Some people have been so great that the course of history is different just because of them — how they lived, thought and spoke.
Nelson Mandela, Joshua Nkomo, Mahatma Gandhi, Dag Hammarskjöld, Martin Luther King (Jr) are some of them and it is not too arduous a thesis to maintain that these people are distinguished.
It does not require strenuous thinking to realise and appreciate that their zeal and untiring quest for peace, justice and democracy makes them heads and shoulders above the rest.
At the same time there are some who thrive on doing the opposite. We all know them!
The poor and forsaken are still condemned to live in a world of terrible injustice, crushed by unreachable and apparently unchangeable economic magnets which political authority nearly always depends on.
Maybe Martin Luther King (Jr) got it wrong that we are born equal because some seem to be more equal than others. Equality is not based on political opinion, race, religion or gender. The undeniable fact that we are all human beings makes us equal.
Just because the folks mentioned in the first paragraph acknowledged this simple principles today we cherish their contribution to humanity.
The purpose of this article is to restate the need for peace, justice and democracy in Africa, particularly in Zimbabwe. This is against the background that Africa has been reluctant to learn from history. I will not discuss the history in question as it is beyond the objectives of the article.
But we all know why we cherish the lives of Mandela, Nkomo, Gandhi, Hammarskjöld, King (Jr) and their similarity is why history does not favour Adolf Hitler, Benito Mussolini, Idi Amin and Mobutu Seseko.
With this history in mind it should have been clear that racism, apartheid, civil unrest and politically-motivated killings are stupid. What makes them stupid is the call to peace and harmony.
Hitler’s propaganda minister, Goebbels, defined war and violence as, “the continuation of political activities by other means”.
This definition has somehow been adapted in the domain of our political system such that every cause is rectified by violence and intimidation. Rectifying historical imbalances in land ownership had to be done through violence.
Illegal settlements in major towns had to be removed by violence. Elections were won through violence. Indigenisation is being carried out violently by some radical youths with dubious groups under dubious names. The list goes on, of course.
The problem is not who is to be held to account. The real problem is: How do we solve our differences? I am not falling into the fallacy that we are ever going to have perfect peace because it is found at one place — the graveyard. Nonetheless, peace is the panacea to our sick socio-political systems. Peace in this Global Political Agreement (GPA) has not been necessarily an end to violence, but rather a means of living with violence under constant attention.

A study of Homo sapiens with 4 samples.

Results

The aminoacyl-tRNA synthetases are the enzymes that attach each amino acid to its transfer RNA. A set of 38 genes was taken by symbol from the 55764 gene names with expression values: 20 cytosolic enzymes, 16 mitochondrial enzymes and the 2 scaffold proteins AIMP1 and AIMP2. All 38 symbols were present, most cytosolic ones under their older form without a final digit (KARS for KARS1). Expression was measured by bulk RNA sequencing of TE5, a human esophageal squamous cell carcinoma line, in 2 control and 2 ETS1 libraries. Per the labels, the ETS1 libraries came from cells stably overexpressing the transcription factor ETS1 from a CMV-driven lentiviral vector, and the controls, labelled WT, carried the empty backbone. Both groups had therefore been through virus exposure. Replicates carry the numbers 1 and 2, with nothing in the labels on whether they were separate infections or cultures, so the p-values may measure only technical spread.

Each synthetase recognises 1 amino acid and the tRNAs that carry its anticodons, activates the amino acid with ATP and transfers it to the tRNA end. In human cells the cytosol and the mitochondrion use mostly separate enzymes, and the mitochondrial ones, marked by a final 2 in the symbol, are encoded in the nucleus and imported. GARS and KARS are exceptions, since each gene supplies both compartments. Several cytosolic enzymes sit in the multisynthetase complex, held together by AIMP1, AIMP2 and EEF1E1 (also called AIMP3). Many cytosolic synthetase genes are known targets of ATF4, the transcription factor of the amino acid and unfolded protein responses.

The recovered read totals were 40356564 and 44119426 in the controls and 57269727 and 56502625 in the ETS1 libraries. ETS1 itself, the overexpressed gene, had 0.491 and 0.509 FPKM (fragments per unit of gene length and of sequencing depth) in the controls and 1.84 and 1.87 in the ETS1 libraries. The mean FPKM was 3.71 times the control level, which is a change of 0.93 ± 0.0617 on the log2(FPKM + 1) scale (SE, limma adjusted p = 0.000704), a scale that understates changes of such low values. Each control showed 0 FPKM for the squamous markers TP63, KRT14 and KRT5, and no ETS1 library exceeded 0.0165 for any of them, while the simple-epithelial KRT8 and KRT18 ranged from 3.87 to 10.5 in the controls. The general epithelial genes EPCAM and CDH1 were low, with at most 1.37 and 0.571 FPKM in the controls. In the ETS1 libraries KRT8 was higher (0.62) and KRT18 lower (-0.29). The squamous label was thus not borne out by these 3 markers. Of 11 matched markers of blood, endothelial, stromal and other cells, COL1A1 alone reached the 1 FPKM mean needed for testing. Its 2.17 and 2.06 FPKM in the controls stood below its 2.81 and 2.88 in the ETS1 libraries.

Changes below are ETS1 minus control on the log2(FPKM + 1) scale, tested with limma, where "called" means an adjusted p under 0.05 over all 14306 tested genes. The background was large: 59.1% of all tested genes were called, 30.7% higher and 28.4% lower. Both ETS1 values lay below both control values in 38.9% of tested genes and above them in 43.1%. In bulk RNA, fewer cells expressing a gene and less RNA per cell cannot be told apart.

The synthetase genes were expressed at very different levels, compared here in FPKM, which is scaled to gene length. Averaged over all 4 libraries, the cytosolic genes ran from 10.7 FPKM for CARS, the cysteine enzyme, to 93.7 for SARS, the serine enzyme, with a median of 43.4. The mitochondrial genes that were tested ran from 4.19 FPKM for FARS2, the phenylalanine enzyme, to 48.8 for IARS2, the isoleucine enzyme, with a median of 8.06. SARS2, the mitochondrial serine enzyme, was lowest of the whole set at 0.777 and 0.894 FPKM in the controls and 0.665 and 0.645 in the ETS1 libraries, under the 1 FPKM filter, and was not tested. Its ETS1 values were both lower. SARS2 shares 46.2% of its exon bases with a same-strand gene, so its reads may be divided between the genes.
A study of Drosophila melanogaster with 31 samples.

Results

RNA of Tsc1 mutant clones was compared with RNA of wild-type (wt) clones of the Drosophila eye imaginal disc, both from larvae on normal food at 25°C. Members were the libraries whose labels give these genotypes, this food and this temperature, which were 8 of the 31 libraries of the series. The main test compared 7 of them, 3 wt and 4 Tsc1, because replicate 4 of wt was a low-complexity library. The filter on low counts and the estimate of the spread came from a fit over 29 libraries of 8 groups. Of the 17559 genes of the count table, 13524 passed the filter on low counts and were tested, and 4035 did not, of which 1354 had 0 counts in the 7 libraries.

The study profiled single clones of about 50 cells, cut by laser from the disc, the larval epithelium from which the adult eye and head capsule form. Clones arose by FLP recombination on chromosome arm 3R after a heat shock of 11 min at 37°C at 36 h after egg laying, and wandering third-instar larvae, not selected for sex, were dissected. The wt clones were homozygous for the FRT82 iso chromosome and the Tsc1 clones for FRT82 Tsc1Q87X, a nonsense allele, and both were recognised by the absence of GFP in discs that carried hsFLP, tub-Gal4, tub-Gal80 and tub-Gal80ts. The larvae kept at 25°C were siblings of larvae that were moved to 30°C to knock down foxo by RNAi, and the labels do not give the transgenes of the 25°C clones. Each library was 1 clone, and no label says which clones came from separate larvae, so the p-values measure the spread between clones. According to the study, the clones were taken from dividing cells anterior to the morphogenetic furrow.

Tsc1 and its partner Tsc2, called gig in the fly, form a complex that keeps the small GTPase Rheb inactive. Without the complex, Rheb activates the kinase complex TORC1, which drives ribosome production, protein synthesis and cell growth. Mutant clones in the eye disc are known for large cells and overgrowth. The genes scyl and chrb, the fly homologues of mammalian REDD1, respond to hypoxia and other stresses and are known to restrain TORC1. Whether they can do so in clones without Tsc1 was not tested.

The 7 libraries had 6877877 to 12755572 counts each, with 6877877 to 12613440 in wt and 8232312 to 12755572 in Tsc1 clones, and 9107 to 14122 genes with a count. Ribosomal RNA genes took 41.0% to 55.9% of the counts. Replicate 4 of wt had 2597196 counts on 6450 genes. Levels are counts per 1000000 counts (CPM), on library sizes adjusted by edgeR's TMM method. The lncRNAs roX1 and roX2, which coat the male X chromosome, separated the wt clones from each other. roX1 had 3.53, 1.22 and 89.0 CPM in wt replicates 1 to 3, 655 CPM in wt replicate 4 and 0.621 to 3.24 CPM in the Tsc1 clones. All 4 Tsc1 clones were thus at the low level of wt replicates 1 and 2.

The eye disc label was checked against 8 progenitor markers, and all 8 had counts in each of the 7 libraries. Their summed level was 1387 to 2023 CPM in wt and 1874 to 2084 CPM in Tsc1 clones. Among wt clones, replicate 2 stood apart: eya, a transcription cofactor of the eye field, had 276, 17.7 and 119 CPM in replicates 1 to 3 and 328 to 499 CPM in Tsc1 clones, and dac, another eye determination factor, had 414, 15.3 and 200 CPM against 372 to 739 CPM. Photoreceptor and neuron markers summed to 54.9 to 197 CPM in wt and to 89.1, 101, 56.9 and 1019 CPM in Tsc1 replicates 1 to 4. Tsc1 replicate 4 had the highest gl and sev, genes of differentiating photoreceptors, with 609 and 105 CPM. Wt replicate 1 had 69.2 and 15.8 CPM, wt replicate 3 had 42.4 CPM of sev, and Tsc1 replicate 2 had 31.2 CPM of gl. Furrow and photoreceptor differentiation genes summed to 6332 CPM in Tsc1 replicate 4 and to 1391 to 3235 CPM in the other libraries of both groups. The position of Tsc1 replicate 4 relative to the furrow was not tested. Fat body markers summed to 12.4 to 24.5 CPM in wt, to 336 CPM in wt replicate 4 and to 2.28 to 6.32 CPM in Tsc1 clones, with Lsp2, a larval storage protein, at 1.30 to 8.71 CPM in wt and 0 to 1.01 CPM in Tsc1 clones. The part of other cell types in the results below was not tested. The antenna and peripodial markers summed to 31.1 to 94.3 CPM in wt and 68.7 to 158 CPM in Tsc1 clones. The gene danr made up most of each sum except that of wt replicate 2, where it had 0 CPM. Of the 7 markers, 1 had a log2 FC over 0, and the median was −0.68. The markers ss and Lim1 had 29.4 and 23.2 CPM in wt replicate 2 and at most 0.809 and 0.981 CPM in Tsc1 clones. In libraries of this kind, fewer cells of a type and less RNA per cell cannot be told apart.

Zimbabwe is lowly ranked on the UNDP’s Global Peace Index of 2010. We are always fighting over man-made reasons only in the furtherance of a handful’s egocentric ideologies. In 2100 history shall be a pathetic junkyard full of unbelievable reasons for fighting. How can human beings who claim to be the most intelligent organisms on planet Earth fight over differences in ideas, political opinion and race?
The then Prime Minister of Zimbabwe, Robert Mugabe said in 1980: “If I fought you yesterday like an enemy, today you have become a friend and ally with the same national interest. If yesterday you hated me, today you cannot avoid the love that binds me to you and you to me. Is it not folly therefore that under these circumstances that anybody should seek to revive the wounds and grievances of the past wrongs? The wrongs of the past should now stand forgiven and forgotten”. Thirty-one years later it still doesn’t make sense to many.
I acknowledge, like many, the “commitment” by political leaders to laying the foundation for peace through the signing of the GPA. The GPA helping to cease violence is now a fairytale. The media frequently mistake such atmospherics for real political progress because they scan the surface of events by accumulating photographs of smiles and handshakes. On camera it is all smiles in pursuit of peace, but politicians will always be politicians. Two politicians, by virtue of meeting, do not give in to philanthropists.
Fostering real peace is more than that.
Zimbabweans should oust violence, a misfit in our societies and hence welcome peace and tolerance as a value. Not from a dollar-and-cents point of view, Africa has lost so much including pride, original identity, rightful status, integrity and developmental opportunities all because of the love of violence. It is my wish that Africa realises that peace is the only option left.